Saturday, February 13, 2010

Modern fiction: Boring or what?

There's an interesting article on the blog of the New York Review of Books called "The Dull New Global Novel" by Tim Parks that posits "authors’ perceptions of who their readers are [are changing], something that inevitably leads to a change in the kind of text they produce". In a reductive nutshell: writers are writing for a more global audience and it makes their books dumber. I disagree with your premise, Mr. Parks!

This may come as a surprise to the people who know me in real life. I have variously been described as a curmudgeon or a "hater" or, less kindly, a total jerk, when it comes to the analysis of contemporary works of fiction. And it's true that if you ask me to start listing the best novels I've ever read, the overwhelming majority of authors on that list will have been dead a very, very long time. But I think that's just because history has a deeper catalog to choose from, as opposed to the list of people who are alive and writing today, February 13, 2010. I'm pretty confident that if I lived in 1904, I'd be saying "Aside from Conrad's Nostromo [which didn't even make Publisher's Weekly 10 best-sellers list] everything else that came out this year was pretty much shit." That's just the way it is. And I am equally confident that the works of, say, Harry Mulisch and Hilary Mantel have entered my own personal canon forever, and will endure long after both they and I are gone from this Earth.

That being said, I don't find the claims and fears of Parks--himself an accomplished novelist and translator--very worrisome, and they seem to me to be the literary equivalent of the miscegenation fears of the 19th century. Yeah, the commercial mushing-together of attitudes maybe lessens the cultural distinctiveness of geographically or culturally separate people, but ... so? It's reasonable to argue the inequity of the mushing, as I think English-language writers have to make few, if any, of the concessions Parks' speaks of to make their works more accessible to foreign readers. But even if we are in fact careening towards a literary dystopia in which separate cultures all become one titanic monoculture, my question is again: So what?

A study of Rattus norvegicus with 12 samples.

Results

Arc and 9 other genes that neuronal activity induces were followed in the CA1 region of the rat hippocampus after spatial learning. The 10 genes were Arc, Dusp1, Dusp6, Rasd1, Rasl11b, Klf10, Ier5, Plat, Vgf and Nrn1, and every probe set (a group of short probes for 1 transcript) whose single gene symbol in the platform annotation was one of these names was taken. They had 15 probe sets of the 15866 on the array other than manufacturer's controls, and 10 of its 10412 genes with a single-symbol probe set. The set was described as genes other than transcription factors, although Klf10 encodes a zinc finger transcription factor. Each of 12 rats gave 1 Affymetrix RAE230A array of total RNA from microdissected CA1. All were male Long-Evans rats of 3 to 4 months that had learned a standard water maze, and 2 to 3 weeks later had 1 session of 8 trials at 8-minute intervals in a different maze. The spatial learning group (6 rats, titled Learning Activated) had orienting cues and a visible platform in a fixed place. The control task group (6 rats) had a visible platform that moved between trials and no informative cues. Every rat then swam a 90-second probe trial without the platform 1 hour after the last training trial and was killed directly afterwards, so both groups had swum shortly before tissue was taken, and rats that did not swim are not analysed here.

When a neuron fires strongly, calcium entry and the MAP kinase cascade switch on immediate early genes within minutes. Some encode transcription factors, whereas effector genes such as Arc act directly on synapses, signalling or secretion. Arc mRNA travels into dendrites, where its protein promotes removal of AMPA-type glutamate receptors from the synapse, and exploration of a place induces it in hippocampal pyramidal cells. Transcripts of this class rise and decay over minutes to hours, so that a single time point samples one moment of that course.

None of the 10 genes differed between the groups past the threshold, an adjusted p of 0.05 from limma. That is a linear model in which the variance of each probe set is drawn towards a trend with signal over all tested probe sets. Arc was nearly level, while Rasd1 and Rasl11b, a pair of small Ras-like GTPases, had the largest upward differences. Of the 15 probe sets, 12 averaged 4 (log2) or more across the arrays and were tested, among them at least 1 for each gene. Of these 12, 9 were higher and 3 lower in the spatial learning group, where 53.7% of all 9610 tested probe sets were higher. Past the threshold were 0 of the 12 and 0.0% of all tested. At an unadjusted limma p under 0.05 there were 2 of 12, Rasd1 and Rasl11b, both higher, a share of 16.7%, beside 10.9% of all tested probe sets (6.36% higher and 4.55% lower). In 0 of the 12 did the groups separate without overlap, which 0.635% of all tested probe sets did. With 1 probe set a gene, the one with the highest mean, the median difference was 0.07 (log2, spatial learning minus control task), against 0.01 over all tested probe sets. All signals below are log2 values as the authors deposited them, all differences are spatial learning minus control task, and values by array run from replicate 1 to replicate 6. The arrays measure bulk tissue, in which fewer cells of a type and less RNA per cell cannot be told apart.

That being said, when I hear things like Japanese novelist Kazuo Ishiguro speaking out on "the importance of avoiding word play and allusion to make things easy for the translator", it does make me cringe a bit. As a retailer, of course I want writers to create works that are accessible to people, that will enable authors to connect with as wide an audience as possible, and that will insure the writer is reasonably compensated and able to make a living. As a reader and a lover of literature, however, I don't care about any of that. I just want people to create enduring works that take nothing into consideration other than the works themselves. Write big or write ... home. You know what I mean.

Don't get me wrong. I realize that commercial considerations have played a role in virtually all important works of literature created at any time in any language, and to propagate the myth of the "real", "noncommercial" writer is stupid and juvenile. People who write only precisely what they wanted in their first draft and refuse to ever change any of it are not magical towers of integrity, and people who listen to the advice of their editors to make all their characters' names easy to pronounce in English are not sell-outs. Reducing greatness to a checklist of the concessions, for whatever reason, the author is and is not willing to make is a loser's game. It's a moving target and I don't think there's any formula for it other than for authors to only write books they think will be capital "G" Great.

[Image of Winslow Homer's "The New Novel" from Wikimedia Commons.]

1 comment:

Peter said...

It's not exactly true that authorship has always been a commercial consideration. Commercial literature starts with Balzac, before that it was only really the printer who produced for profit.